Pittsburgh, July 8th, 1774.

SIR: Since our memorial to his Honour, the Governour, of the 25th of June, accompanied by some notes, there has several occurrences of so extraordinary a nature happened, that we hope no apology is necessary for giving you this trouble. The traders who were coming by land are all come in safe. Captain White Eyes is returned, with the strongest assurances of friendship from the Shawanese, Delawares, Wyandots and Cherokees, with whom he had been treating on our behalf. Upon his return he found his house broken open by the Virginians, and about thirty pounds worth of his property taken, which was divided and sold by the robbers at one Froman' s Fort, on Chartin' s Creek.

Doctor Conolly continues to exercise his authority as usual. Our persons are daily insulted, our property forcibly taken, and even our lives threatened. We had a remarkable instance of this on the first instant. A horse, the property of Messrs˙ Richard and William Butler, having been taken by a vagrant fellow at this place, was secreted by him in the town, which, when Messrs˙ Butlers were informed of, they went and took their horse, but not without obstinate resistance on the side of the thief, who, in their own defence, they were obliged to strike; upon which the fellow applied to Doctor Conolly, who sent a sergeant to Richard Butler, commanding him to appear immediately in the garrison; but Mr˙ Butler refused to go, and denied Doctor Conolly' s authority; whereupon a certain Captain Aston was sent for them, with a party from


the fort, and orders to break their house and take them at all events. Messrs˙ Butlers, after much debate, and repeated threats from Captain Aston, at the entreaty of their friends, consented to go down to the garrison; and when they demanded the cause of such treatment were answered that they must go immediately to jail, but they were afterwards allowed to give bail for their appearance at August Court. The same day Mr˙ Conolly informed them, and the other traders, they must pay him a duty of four pence per skin before they could remove one from this place, and immediately ordered the roads to be stopped, which was accordingly done, and a number of horses belonging to Mr˙ Blaine and others, were seized and brought back. A few days ago, one of the traders who went to meet his people, and some Indians that were bringing his peltry from Newcomer' s Town, was, upon his return, waylaid by about forty Virginians, who took him, three of his men, and five Delaware men, prisoners, telling him they would for the future treat as savages and enemies every trader that they should find in the woods. About this time two Delaware men, who had come from the towns up to assist some of the traders with their horses, were pursued by a party of Virginians to Mr˙ Smith' s house, where they flew for protection. The party followed them to the door, demanded entrance, and swore they would burn the house if they were refused. The Indians, notwithstanding, were kept in the house till night, and then dismissed in safety.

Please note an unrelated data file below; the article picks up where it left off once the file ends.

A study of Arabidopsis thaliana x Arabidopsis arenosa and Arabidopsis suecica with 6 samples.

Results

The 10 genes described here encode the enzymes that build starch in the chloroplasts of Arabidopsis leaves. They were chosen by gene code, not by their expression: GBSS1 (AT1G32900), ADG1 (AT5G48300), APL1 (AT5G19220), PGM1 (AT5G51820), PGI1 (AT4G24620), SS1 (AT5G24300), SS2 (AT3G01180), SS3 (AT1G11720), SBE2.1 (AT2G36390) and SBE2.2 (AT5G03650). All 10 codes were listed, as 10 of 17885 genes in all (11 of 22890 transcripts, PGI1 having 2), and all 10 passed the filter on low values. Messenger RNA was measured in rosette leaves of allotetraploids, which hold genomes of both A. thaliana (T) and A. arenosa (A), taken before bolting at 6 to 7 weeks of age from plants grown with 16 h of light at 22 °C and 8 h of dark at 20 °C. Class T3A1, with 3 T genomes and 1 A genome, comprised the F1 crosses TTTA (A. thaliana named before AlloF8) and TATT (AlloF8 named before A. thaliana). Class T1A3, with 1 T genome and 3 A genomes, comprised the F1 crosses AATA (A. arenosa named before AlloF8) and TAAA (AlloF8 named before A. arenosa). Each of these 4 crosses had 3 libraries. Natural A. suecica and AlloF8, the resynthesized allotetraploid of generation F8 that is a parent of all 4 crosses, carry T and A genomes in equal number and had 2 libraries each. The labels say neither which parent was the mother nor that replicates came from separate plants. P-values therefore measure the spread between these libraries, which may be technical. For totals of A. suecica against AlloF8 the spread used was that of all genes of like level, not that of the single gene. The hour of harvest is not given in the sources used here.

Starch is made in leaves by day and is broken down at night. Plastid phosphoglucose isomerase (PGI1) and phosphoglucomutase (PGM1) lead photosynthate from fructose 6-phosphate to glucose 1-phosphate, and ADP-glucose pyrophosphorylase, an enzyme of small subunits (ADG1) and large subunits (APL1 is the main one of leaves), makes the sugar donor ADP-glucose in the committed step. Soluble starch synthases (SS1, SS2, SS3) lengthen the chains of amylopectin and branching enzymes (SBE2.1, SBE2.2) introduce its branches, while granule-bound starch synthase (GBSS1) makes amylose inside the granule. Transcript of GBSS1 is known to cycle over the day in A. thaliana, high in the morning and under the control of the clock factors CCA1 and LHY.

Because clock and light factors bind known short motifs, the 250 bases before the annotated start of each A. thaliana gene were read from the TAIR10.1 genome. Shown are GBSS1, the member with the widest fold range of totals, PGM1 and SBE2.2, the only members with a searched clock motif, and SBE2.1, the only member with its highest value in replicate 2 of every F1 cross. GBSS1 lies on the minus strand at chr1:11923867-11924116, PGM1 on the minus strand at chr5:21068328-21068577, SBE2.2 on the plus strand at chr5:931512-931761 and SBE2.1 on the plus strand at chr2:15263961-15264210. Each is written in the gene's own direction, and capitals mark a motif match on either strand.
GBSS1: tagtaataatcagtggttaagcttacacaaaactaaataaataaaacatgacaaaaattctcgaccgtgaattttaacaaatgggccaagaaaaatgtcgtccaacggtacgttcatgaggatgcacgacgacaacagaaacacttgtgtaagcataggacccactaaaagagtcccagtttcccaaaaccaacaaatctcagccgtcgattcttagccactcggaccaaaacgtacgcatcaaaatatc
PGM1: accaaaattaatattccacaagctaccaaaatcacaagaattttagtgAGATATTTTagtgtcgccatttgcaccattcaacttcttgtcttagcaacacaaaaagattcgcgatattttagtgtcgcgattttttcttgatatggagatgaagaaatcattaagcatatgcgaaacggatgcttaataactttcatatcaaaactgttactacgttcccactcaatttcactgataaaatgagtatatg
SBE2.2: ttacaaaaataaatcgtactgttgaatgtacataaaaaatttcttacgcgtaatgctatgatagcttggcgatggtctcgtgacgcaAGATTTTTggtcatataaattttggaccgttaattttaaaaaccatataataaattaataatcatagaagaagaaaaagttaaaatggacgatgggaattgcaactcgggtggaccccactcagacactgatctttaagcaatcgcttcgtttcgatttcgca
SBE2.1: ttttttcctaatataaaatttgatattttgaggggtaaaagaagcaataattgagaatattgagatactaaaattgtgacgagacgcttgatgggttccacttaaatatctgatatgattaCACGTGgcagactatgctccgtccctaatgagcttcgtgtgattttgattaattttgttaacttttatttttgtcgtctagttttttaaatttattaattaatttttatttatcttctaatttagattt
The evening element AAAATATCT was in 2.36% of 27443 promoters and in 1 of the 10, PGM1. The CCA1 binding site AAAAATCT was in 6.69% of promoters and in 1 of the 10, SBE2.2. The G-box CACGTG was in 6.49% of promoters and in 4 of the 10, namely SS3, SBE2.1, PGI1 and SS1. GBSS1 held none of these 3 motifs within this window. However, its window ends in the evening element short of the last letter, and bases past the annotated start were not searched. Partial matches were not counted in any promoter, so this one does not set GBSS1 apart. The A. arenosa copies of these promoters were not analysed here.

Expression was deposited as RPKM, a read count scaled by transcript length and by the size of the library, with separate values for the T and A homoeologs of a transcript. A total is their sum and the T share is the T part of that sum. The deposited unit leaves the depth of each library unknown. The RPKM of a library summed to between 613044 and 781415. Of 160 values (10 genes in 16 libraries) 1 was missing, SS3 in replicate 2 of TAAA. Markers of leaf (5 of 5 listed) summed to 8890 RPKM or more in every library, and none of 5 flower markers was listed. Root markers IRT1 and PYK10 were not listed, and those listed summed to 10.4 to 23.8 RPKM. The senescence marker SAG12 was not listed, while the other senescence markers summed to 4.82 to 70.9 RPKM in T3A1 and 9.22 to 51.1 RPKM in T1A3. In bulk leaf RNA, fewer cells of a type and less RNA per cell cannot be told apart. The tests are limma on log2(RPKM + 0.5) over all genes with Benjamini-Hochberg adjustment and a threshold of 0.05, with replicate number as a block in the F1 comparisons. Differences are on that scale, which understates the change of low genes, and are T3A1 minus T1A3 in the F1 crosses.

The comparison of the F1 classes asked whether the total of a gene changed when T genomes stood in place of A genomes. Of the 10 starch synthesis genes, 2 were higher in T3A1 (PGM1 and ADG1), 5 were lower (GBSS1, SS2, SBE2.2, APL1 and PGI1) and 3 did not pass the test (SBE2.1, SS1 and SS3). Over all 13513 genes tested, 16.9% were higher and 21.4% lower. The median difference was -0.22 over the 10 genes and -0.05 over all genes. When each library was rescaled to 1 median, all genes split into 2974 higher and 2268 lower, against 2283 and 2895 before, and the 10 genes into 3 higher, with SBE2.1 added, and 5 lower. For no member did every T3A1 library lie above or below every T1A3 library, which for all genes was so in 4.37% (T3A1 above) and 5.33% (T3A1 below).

Mr˙ Wm˙ Butler, being insulted by a worthless drunken fellow, was under the necessity of chastising his insolence. Whereupon Mr˙ Conolly issued a King' s warrant for him, and his Sheriff came to Mr˙ Smith' s, where Mr˙ Butler then was, between eight and nine o' clock at night, and after an unsuccessful attempt to take Mr˙ Butler, ran out and called a guard that was waiting for that purpose, who immediately surrounded the house, remained there till after nine o' clock, and then dispersed. The Virginians, from their conduct, appear determined on a war. Colonel Lewis is supposed to be at the Kenhawas with fifteen hundred men, and several parties have gone from this place to join him. Major McDonald, Mr˙ Cresap, and others, are expected here shortly, who, it is said, are going down the river to build forts and station men at different places.

We have no room to doubt that Doctor Conolly has, by order of Lord Dunmore, sent a Speech to the Shawanese, importing that Logan and his party be immediately delivered up, with the three prisoners that he has taken, and some other Shawanese that are supposed to have committed a murder last winter. That on a refusal they (the Virginians) are determined to proceed against them with vigour, and will show them no mercy. Doctor Conolly has expresses constantly on the road between this and Williamsburg, whereby he has been able to impose on his Lordship the flagrant misrepresentations of Indian affairs that appear in the Williamsburg paper of the 9th of June, which has been publickly confuted at this place by several persons well acquainted with the present state and sentiments of the different Nations.

We hope that it is not necessary to say any more to convince you how unhappily we are at present circumstanced, not only from the prospect of an Indian war, which the Virginians appear determined to bring upon us, but from the apprehension of further insults from Doctor Conolly' s extraordinary conduct, of which we have given several specimens, and which, without the interposition of Government, we shall not be long able to support.

We are, sir, with profound respect, your humble servants,

To Joseph Shippen, Jun˙, Esq˙, Secretary to his Honour the Governour.